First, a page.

Broadcasting live from the land of legal weed and sliding into the frame like a giant Pacific octopus, here comes Lese Majesty, the third album from Seattle's Shabazz Palaces. It's definitely hip-hop, but... was that a drum? Human? Synthesizer? Sample of an old record? We may never know. MC and producer Ishmael Butler keeps his cards close.
As leader of Digable Planets, Butler had an accessible radio hit in 1992's "Rebirth of Slick (Cool Like Dat)," but he hasn't done anything straightforward since. He began his Shabazz Palaces project in 2008, and Lese Majesty is its most relentlessly noncommercial chapter yet. No hits, no singles; just raw, graceful tunes.
"Dawn in Luxor" opens the 45-minute document with a line about "throwing cocktails at the Führer," and the album's title comes from the French phrase for sacrilege against royalty. The sentiment can be interpreted in several ways, with Butler lyrically protecting what's precious to him — blackness, hip-hop, eccentricity — and going hard at oppressors.
"Luxor" morphs into "Forerunner Foray," which captures the buzz of the entire hip-hop era, with prototypical rapping spliced in from 1973 and fluid, controlled jazz singing from Catherine Harris-White. She's Butler's main co-star on the album — not Tendai Maraire and his mbira, like on the last two Shabazz records.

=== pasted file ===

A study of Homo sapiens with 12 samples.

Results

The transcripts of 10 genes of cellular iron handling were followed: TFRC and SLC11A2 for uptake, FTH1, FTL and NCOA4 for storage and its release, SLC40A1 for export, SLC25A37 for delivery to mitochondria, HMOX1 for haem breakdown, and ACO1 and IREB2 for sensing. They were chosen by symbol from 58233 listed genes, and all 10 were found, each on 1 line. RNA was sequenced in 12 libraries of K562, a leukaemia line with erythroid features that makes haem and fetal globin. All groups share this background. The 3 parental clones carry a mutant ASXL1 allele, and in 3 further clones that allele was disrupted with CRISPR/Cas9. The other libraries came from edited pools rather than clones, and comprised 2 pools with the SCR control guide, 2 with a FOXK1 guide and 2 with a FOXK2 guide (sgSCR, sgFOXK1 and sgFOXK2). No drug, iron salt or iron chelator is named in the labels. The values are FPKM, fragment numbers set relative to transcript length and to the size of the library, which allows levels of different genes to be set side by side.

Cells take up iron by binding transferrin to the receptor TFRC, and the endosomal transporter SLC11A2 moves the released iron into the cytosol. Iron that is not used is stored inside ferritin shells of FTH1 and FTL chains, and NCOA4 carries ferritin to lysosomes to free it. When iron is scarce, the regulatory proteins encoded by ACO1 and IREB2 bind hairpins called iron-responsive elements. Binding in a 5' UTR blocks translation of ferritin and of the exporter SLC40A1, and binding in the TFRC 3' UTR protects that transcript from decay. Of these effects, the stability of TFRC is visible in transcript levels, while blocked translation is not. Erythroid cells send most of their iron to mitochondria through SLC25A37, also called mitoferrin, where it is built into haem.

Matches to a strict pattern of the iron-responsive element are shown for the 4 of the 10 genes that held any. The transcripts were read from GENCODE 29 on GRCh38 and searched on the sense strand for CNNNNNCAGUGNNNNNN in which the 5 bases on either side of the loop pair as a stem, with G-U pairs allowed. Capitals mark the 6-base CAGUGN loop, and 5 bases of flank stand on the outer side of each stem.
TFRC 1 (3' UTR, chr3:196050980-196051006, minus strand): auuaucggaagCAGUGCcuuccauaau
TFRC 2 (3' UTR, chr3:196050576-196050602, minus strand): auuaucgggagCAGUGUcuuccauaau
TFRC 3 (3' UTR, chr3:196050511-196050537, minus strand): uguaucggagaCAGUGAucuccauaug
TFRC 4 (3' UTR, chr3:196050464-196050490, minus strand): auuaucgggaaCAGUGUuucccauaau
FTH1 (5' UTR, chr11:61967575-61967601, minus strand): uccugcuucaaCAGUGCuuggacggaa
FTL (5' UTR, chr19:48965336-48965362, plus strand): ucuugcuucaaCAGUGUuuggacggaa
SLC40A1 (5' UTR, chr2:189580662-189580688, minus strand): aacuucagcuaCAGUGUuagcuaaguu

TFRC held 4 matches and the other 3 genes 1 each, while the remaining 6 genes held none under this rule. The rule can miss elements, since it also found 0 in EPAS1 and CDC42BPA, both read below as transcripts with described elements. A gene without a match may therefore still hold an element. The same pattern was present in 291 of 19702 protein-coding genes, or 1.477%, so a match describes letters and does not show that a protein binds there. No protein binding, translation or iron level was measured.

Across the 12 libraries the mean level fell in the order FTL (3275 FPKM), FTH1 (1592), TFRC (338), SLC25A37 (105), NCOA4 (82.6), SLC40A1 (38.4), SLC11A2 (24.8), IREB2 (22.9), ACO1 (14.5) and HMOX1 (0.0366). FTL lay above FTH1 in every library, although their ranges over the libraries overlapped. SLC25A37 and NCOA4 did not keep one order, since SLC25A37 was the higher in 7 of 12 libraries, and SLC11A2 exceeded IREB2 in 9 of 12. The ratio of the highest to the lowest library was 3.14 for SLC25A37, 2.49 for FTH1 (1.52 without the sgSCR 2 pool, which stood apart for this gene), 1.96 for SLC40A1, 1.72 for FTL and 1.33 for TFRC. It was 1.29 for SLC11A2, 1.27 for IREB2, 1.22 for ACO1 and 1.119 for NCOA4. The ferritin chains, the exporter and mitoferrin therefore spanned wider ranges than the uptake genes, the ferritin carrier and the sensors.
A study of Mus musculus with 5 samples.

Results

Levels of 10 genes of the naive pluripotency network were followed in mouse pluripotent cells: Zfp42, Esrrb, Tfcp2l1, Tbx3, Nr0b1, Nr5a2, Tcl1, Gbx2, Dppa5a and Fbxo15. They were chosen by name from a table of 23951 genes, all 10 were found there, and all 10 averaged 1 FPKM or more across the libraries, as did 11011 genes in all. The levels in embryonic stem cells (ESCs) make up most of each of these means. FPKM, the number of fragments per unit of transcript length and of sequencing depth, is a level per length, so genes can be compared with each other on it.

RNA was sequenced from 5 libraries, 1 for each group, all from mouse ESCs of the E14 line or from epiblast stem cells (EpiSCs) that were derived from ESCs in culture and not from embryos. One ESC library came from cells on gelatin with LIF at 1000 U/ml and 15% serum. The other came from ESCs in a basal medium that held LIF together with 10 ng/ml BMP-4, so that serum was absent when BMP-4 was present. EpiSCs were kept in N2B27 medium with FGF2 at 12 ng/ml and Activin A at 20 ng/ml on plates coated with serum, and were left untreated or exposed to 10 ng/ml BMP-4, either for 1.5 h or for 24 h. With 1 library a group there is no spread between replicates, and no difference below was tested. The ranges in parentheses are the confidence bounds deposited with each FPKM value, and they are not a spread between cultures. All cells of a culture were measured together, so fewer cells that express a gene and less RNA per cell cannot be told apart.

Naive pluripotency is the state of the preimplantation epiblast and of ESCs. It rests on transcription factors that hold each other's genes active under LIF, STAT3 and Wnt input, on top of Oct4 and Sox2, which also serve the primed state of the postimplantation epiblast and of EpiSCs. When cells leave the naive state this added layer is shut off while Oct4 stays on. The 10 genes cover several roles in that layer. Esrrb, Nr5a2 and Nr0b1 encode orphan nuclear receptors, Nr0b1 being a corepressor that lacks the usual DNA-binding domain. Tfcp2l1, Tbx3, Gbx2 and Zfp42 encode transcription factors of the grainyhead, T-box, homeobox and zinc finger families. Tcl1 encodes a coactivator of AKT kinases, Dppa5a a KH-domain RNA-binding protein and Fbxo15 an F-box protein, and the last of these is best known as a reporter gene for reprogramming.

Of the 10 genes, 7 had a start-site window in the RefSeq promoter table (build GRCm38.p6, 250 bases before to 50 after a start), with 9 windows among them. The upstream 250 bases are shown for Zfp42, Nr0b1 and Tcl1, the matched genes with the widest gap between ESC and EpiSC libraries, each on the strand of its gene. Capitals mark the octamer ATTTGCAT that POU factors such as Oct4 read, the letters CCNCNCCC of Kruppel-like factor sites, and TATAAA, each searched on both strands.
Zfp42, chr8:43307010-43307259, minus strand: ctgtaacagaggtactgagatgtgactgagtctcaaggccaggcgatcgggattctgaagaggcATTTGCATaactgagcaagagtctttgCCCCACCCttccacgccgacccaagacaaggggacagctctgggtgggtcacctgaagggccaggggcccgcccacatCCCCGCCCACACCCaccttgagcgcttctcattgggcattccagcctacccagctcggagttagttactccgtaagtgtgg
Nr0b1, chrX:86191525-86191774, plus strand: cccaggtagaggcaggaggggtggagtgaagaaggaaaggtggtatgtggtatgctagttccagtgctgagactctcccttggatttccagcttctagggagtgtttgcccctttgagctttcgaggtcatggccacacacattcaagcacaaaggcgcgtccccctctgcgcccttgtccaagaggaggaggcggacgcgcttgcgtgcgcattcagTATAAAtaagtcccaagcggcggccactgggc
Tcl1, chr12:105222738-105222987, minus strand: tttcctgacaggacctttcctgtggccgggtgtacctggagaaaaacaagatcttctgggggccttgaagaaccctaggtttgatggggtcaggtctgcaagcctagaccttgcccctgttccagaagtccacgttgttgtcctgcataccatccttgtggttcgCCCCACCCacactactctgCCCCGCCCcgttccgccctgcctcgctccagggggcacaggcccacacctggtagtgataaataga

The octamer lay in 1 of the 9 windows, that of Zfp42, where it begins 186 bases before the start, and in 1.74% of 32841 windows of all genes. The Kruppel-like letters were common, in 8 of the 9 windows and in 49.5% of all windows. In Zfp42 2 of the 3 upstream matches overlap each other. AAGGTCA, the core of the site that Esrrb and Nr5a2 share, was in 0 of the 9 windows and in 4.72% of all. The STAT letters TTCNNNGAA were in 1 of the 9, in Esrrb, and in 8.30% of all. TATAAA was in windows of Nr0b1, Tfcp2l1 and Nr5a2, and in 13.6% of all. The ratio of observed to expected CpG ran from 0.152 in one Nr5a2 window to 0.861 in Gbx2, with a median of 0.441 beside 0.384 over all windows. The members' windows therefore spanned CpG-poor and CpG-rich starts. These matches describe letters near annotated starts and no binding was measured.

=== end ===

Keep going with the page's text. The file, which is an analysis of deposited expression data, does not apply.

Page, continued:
As melodic as much of Lese Majesty is, the words might be the album's most important element. Close listeners will find brilliant inventions ("plushtrous," "unstill") and plenty of quotable passages. From "They Come in Gold," a cool literary reference: "Ish dances with the white whale on the Pequod." From "Harem Aria," after a string of bizarrely simple similes: "I'm not messing with your mind / I don't have that kind of time."
If you're in Seattle before Sept. 5, Butler's crew Black Constellation has an exhibit at the Frye Art Museum called Your Feast Has Ended, with textiles, sculpture, paintings and video work from Nicholas Galanin, Maikoiyo Alley-Barnes (Shabazz Palaces' video director and mask maker) and Nep Sidhu (Lese Majesty album designer). There's no better way to hear this album than while walking through the museum wearing headphones.